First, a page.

How to Talk to Kids So They’ll Actually Listen

By William Stixrud and Ned Johnson

Dealing with kids’ emotions in a productive way involves a four-step process, and the first two steps happen before you say a single word.

1. Stay calm and think of your kids’ strong emotions as a great opportunity to connect.

2. Understand and accept rather than judge; be curious rather than accusatory.

3. Reflect and validate their feelings.

4. Explore—ask follow-up questions.

Step 1: Stay Calm and Think of Your Kids’ Strong Emotions as a Great Opportunity to Connect. Consider the bonds that develop when people share stressful experiences. It’s not like we expect you to jump for joy when your kid’s having a meltdown, is grumpy, or is having a hard time in his life. But when you stay calm and reframe big feelings as an opportunity, it’s easier to exercise patience and compassion. Meet their intensity with your presence, and don’t get upset yourself.

Step 2: Understand and Accept Rather than Judge; Be Curious Rather than Accusatory. When your kid’s upset, you inevitably have subtitles running through your head telling you to use the opportunity as a teaching moment. It’s hard, but turn these subtitles off. Take the generous position that even though your child is in distress, this distress represents their best effort right now—and that’s okay. Every misstep doesn’t have to be a teaching moment. From this position of grace, you can get curious rather than accusatory and then peel back the layers to investigate what might be going on with them.

Step 3: Reflect and Validate Their Feelings. Reflective listening developed out of the work of Carl Rogers, one of the most influential psychologists of the 20th century. His person-centered approach to psychotherapy emphasizes the importance of listening closely to deeply understand a client’s experience—and then reflecting back that understanding. Careful listening helps kids feel heard, and several experts have pointed out that kids listen better after they are heard.1 Also, when they feel understood—and, importantly, accepted—by their parents, it helps kids see their parents as the safe base they can come to, rather than run from, at times of stress.

Language that communicates careful listening when kids have strong emotions is similar to paraphrasing—but in a way that signals we are trying to understand their feelings. Psychologist and communication expert Eran Magen uses the helpful acronym WIG (“What I Got”—from what you said) to describe this kind of listening. Some examples of “WIG-ing”:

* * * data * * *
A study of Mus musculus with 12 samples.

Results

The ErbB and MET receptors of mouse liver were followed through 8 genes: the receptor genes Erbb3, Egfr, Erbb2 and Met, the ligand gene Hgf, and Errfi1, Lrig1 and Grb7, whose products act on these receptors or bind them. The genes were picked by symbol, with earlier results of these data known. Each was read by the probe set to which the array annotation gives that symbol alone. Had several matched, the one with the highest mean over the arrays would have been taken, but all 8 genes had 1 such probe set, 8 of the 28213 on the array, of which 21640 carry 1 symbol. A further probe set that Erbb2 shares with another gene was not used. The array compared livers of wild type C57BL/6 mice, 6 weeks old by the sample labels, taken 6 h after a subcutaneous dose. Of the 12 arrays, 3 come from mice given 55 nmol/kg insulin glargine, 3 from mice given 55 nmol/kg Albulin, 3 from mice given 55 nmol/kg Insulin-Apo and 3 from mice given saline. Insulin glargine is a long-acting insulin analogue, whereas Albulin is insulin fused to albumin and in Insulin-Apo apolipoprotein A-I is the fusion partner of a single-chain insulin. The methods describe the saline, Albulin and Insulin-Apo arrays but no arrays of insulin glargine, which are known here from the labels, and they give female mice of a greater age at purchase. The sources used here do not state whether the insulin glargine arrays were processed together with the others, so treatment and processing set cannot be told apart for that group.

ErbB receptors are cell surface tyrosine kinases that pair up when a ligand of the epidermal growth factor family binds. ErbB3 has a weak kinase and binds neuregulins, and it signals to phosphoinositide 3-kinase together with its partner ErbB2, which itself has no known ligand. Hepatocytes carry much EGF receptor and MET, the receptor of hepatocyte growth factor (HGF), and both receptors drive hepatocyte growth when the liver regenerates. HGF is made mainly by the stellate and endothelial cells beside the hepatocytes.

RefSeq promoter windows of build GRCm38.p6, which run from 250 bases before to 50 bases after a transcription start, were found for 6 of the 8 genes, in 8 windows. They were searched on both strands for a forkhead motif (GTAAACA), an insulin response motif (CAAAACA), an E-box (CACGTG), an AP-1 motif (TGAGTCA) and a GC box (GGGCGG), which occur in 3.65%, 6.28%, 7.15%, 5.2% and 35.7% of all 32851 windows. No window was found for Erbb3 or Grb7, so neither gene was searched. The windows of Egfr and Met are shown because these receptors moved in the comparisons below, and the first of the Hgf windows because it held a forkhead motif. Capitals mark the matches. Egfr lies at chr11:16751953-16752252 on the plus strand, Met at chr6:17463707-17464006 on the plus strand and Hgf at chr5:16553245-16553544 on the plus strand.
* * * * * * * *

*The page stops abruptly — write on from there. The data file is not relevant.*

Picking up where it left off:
• “What I got from what you said is that you feel like Erin betrayed you.”

• “Am I getting this right—that the way she said it made you feel like she was trying to embarrass you?”

• “Let me see if I’m understanding. Other kids were doing it, too, and you feel like your teachers singled you out and that it’s not fair.”

• “It sounds like you were really scared when I was late to pick you up.”

• “You seem to be pretty mad about this.”

One useful tip for asking questions: rather than ask a child why he is upset about something, ask, “How does that upset you?” For many kids, this phrasing sounds less challenging or accusatory than asking why.2

Through reflective listening, we can help kids see that we’re trying to understand what they’re going through. Magen says we win relationship “points” and make a deposit in a relational bank account every time a kid says “yeah” or “exactly” in response to our WIG. 3

Language that expresses validation is similar—but adds the message that I can see why you feel like that—you’re feeling is normal.4 Validating language shows a kid that he’s not wrong to have his feelings, and that he is accepted and loved unconditionally. Some examples:

• “That must have been hard for you.”

• “I think I know how you feel.”

• “I think most people would be upset by that.”

• “I get scared sometimes, too.”

For instructions on Step 4, see our book What Do You Say? (Viking, 2021).  


1. See Karyn Hall and Melissa Cook’s book The Power of Validation (Oakland, CA: New Harbinger, 2012).

2. This comes from Neuro-Linguistic Programming (NLP), a set of communication tools described in a book by Richard Bandler and John Grinder called Reframing: Neuro-Linguistic Programming and the Transformation of Meaning (Moab, UT: Real People Press, 1982).

3. Eran Magen, personal communication. 

4. See Hall and Cook, The Power of Validation.

Adapted, with permission, from What Do You Say?: How to Talk with Kids to Build Motivation, Stress Tolerance, and a Happy Home by William Stixrud, PhD, and Ned Johnson (Viking, 2021).

William Stixrud, PhD, is a clinical psychologist and a faculty member at Children’s National Medical Center and George Washington University School of Medicine. Ned Johnson is the founder of PrepMatters and the coauthor of Conquering the SAT: How Parents Can Help Teens Overcome the Pressure and Succeed.